Take Highway 99 to the Standiford Avenue exit in Modesto. Turn right onto Sisk Road and then into the parking lot of the shopping center on the left. Then get out of your car and walk south for a few dozen yards.
You will soon come across a river flowing water at an average of 2,213 cubic feet per second. That compares to the San Joaquin River average of 5,100 cubic feet per second at Vernalis southwest of Manteca.
But unlike the San Joaquin River you can’t use a fishing pole. Nor do you need a swimsuit. In fact, you can cross this raging river without worrying about drowning or even getting your feet wet. It flows below the paved walking trail that covers three miles.
It is part of the original Delta Tunnel — the Hetch Hetchy pipeline that stretches 167 miles from Hetch Hetchy Valley in Yosemite National Park to the San Francisco Bay Area.
It is water that once flowed through the Delta to cleanse its waters and protect fish such as the Delta Smelt before being removed for domestic purposes.
Some 360,000 acre feet of water a year flows through the Hetch Hetchy pipeline beneath Modesto. San Francisco — the home of a repertoire of pious environmentalist groups — has been contributing to the degradation of the Delta since the 1920s. The water from the Tuolumne River watershed once flowed through the Delta. It could very easily have been allowed to flow naturally down the Tuolumne, combine with the San Joaquin River and then be taken out of the Delta for use by San Francisco and 19 other Bay Area cities. But San Francisco in the 1920s wasn’t concerned about the environment. They just wanted water. They also didn’t want to run the risk of water ownership being called into question in the future nor did they want to worry about having to clean it after it flowed through the Delta.
And, as an added bonus, they have been able to avoid having the Tuolumne River water they commandeered by getting a sweetheart deal with Congress to flood a pristine canyon in a national park factored into any drought strategy that requires other water users on the San Joaquin River tributaries to cutback to protect fish.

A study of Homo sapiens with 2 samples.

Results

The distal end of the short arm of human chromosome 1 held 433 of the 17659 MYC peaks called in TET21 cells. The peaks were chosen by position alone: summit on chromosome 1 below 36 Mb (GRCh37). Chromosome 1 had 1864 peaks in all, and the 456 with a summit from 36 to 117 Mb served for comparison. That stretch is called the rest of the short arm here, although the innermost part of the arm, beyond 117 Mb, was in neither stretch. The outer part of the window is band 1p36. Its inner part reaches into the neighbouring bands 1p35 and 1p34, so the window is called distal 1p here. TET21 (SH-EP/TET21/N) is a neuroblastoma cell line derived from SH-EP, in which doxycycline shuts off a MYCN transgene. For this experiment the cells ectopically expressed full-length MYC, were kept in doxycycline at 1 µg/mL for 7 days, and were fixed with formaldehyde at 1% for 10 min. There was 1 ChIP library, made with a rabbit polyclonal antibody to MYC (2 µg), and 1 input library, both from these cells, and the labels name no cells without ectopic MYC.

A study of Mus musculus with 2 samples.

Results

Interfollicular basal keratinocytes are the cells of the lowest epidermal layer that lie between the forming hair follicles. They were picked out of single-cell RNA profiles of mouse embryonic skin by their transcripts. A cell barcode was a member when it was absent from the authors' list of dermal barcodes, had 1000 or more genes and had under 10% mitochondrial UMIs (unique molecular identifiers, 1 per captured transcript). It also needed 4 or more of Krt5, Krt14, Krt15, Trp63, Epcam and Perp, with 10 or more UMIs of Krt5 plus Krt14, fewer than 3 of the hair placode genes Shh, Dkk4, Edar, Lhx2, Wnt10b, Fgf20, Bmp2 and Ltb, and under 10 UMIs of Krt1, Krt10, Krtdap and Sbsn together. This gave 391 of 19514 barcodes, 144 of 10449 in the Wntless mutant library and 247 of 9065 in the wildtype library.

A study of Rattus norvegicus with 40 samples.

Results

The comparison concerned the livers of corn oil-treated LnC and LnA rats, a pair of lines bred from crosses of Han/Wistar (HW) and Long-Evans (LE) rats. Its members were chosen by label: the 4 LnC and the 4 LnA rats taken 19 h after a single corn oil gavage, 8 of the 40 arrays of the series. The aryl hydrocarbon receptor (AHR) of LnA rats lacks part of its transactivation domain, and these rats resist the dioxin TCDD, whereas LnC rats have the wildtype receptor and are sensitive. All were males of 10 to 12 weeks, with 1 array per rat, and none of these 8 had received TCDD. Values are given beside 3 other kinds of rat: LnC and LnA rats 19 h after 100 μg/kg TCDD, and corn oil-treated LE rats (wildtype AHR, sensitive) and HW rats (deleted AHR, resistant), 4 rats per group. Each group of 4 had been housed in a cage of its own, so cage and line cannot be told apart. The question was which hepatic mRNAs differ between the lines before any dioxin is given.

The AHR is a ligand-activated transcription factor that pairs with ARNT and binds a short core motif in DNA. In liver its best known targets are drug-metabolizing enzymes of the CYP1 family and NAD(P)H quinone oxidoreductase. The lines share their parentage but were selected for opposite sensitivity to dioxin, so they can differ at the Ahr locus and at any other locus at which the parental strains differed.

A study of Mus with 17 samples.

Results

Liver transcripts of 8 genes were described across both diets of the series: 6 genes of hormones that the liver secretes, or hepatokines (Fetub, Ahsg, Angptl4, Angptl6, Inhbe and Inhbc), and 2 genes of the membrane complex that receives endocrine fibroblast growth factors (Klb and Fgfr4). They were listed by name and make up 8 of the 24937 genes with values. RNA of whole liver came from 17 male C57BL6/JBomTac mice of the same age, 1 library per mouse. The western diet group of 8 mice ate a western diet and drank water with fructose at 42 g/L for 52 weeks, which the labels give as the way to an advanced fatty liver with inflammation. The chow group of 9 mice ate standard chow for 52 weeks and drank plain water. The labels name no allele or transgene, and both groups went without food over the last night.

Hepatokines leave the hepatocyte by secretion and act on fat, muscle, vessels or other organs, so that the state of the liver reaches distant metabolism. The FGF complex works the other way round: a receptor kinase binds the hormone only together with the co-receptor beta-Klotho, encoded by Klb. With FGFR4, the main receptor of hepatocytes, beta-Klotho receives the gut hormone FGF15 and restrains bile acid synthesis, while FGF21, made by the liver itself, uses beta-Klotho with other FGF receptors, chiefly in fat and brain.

If this sounds eerily familiar it’s because it is. What motivated San Francisco nearly a century ago to bypass the Delta with a pipeline are the same goals being pursued by Los Angeles, corporate farms, and other Bay Area water interests in pushing for the latest resurrection of the Peripheral Canal known as the Twin Tunnels.
Perhaps the City of Los Angeles will do what the hometown of the Sierra Club did and place a paved walking path over part of the twin tunnels to show they care about the people they are basically stealing water from. If you can’t grow food to make a living or sustain a valley city at least you can have a graffiti marred three-mile walking path that the City of San Francisco made possible for Modesto.
It’s ironic as the water that could have helped protect the Delta Smelt was obtained by flooding the very valley that Sierra Club founder John Muir fought so valiantly to save from destruction.
San Francisco acts pious when it comes to water. They point to Los Angeles that made questionable water right deals and used deceptions to strip the Owens Valley of its water to satisfy its unquenchable thirst. San Francisco did it the old-fashioned way by cutting a sweetheart deal with Congress to desecrate a national park while paying an annual rent fee to the federal government that has been unchanged since 1913. That’s despite studies that show a $34 million annual payment would still be below the fair market price today.
Now rules imposed through the effort of environmental groups financed by Pacific Heights millionaires in San Francisco benefitting from water taken from Hetch Hetchy Valley regarding the Delta Smelt and Tracy pumps have created the current water crisis.
There were 300 Delta Smelt caught in the pumps earlier this year. It resulted in a court order the environmental groups got to force the dumping of 800,000 acre feet of water into the San Francisco Bay this past spring.
It was enough to support 800,000 families for a year, irrigate 220,000 acres and grow 20 million tons of grapes. It would have created thousands of Central Valley farm jobs.
Everyone else that uses water that passes through the Delta has had to cutback but not San Francisco. That’s because of their “tunnel” which is what a pipeline basically is. If the Twin Tunnels go through Los Angeles and big corporate, farmers will be immune from water cutbacks in times of drought or high fish kills. That leaves the impoverished counties of the San Joaquin River tributaries watershed and the Delta to bear the brunt of the cutbacks which will be even higher than they are now. 
The Twin Tunnels will complete the job San Francisco started and finish off the Delta as well as severely hurt the San Joaquin Valley.
But at least we might get a couple of miles of paved walking paths out of the deal.

This column is the opinion of Dennis Wyatt and does not necessarily represent the opinion of The Journal or Morris Newspaper Corp. of CA.  He can be contacted at or 249-3519.